A Fish Story – Elementary Level

Perhaps you think that fishes were always fishes. And that they never lived anywhere but in the water. But if you talked to the black people in the dry parts of Australia, you would learn something quite different. They would tell you that long, long ago you would have met fishes on the land. They went from place to place, hunting all kinds of animals. If you think about how fishes are made, you will see how difficult this must have been. They had to be very clever to do it. And they would still be doing it today if a terrible thing had not happened.

One day the fish tribe were very tired after a long hunt. It was very hot, so they looked about for a nice cool place to rest. They stopped under a large tree which grew by the side of a river. They made a fire to cook some food on the very edge of the river bank. The bank was steep, and there was a deep pool of water in the river below.

While the food was cooking, they all sat down under the tree. Some of them were so tired that they started to sleep. Suddenly, a big black cloud which they hadn’t noticed before covered the sun. Then heavy drops of rain began to fall, almost putting out their fire. This was a very bad thing. They had no matches, so it would be very hard to make a new one. To make things worse, an icy wind began to blow. The poor fishes were very cold. It felt as if the wind was blowing right through their bodies.

‘This will never do,’ said Thuggai, the oldest of all the fish tribe. ‘We shall die of cold unless we can light the fire again.’ He told his sons to rub two sticks together in the hope of making a flame. They rubbed till they could not rub any more. But they could not get the sticks hot enough to burn. Many other fishes tried after them, but none could start the fire.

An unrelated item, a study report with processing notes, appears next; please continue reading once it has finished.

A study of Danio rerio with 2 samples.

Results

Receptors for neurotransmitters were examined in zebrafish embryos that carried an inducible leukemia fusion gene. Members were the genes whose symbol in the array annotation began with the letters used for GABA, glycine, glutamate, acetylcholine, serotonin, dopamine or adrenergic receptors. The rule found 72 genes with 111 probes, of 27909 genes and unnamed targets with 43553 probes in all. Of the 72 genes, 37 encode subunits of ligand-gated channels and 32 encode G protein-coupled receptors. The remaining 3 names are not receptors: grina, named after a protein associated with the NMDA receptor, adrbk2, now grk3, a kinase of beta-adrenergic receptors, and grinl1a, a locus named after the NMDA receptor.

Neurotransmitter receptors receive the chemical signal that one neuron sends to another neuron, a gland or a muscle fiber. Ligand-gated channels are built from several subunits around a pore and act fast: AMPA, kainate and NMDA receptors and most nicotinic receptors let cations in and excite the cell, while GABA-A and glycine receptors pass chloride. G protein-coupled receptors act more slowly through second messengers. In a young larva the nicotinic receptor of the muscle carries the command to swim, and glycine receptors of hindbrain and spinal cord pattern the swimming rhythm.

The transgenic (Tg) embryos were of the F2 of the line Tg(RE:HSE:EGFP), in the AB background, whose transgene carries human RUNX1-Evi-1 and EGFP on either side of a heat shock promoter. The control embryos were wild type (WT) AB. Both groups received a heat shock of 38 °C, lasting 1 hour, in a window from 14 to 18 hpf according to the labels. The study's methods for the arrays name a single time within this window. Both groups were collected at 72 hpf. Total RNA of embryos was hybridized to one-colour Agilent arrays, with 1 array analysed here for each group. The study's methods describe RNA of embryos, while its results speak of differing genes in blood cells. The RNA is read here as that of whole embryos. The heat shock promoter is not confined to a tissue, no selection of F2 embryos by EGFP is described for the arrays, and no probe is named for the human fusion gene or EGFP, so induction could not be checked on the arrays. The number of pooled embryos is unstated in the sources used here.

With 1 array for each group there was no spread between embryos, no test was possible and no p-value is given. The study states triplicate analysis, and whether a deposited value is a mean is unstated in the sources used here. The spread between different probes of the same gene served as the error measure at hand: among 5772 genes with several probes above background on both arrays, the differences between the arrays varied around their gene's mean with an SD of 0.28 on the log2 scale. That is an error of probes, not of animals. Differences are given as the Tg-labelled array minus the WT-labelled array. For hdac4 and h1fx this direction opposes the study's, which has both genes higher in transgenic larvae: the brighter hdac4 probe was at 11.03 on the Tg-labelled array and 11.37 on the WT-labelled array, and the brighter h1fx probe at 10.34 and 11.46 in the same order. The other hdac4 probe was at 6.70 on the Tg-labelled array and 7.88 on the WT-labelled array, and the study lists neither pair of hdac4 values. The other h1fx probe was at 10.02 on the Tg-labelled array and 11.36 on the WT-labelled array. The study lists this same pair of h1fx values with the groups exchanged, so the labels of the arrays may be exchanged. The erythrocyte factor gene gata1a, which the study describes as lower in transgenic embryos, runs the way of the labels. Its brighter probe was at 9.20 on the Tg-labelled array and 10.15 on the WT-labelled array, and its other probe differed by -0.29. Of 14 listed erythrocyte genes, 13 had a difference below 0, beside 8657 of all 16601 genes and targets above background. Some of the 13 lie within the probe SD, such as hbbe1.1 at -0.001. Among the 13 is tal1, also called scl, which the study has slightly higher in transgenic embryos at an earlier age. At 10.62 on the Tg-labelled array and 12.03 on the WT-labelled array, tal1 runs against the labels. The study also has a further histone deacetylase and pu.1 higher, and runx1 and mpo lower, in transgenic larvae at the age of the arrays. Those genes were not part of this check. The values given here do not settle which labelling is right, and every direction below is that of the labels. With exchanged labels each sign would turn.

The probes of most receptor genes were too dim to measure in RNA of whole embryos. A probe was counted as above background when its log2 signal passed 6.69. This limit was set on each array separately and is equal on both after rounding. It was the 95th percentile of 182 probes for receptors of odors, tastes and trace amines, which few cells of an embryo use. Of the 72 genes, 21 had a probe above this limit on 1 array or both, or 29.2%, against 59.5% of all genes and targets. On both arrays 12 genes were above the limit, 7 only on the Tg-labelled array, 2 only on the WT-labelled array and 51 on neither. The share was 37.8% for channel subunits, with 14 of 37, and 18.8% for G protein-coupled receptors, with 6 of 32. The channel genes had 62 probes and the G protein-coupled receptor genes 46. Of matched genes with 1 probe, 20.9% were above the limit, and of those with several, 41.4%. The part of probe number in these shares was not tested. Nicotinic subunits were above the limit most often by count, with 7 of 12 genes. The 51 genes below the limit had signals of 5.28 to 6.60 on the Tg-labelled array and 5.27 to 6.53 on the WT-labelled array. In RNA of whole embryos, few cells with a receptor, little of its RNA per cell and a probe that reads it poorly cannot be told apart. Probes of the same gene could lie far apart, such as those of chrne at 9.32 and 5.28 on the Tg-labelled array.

‘It is no use,’ cried Thuggai, at last. ‘The wood is too wet. We must just sit and wait till the sun comes out again and dries it.’

Then a very small fish, not more than four inches long, came shyly before Thuggai. ‘Ask my father, Guddhu, to try,’ he said. ‘He knows magic, and may be able to use that to light the fire.’ So Thuggai asked Guddhu.

Guddhu took some pieces of bark off a tree and placed them on top of the still smoking ashes. Then he knelt by the side of the fire and blew at it for a long time. Slowly, a small red glow appeared on the bark and smoke began to come from around its edges. When the rest of the tribe saw this they came nearer. They stood with their backs to the wind so that it wouldn’t blow out the fire. But Guddhu told them they must go to the other side. He wanted the wind to fan his fire. Soon the glow grew into a flame. The tribe watched happily as the bark caught fire.

‘More wood,’ cried Guddhu. They all ran and brought wood to put on the fire, which was now burning strongly.

‘We shall soon be warm now,’ said the people to each other. ‘Truly Guddhu is great’.

They all came nearer to the fire; nearer and nearer. Suddenly, a strong wind came down from the hills and blew the flames towards them. They quickly jumped back, quite forgetting they were standing on the steep river bank. All of them fell down towards the water below. They turned over and over till they rolled into the deep pool. Oh, how cold it seemed in that dark water which had never seen the sun! Then, in a moment, they felt warm again. The fire, pushed by the strong wind, had followed them right down to the bottom of the pool. It was burning there as strongly as ever. The fishes stood round it as they had done on the river bank above. And they found the flames to be as hot as before. That fire has been burning since that day. It has never gone out like those upon land. And now you know why, if you swim deep down into water on a very cold day, you will find it warm and pleasant underneath.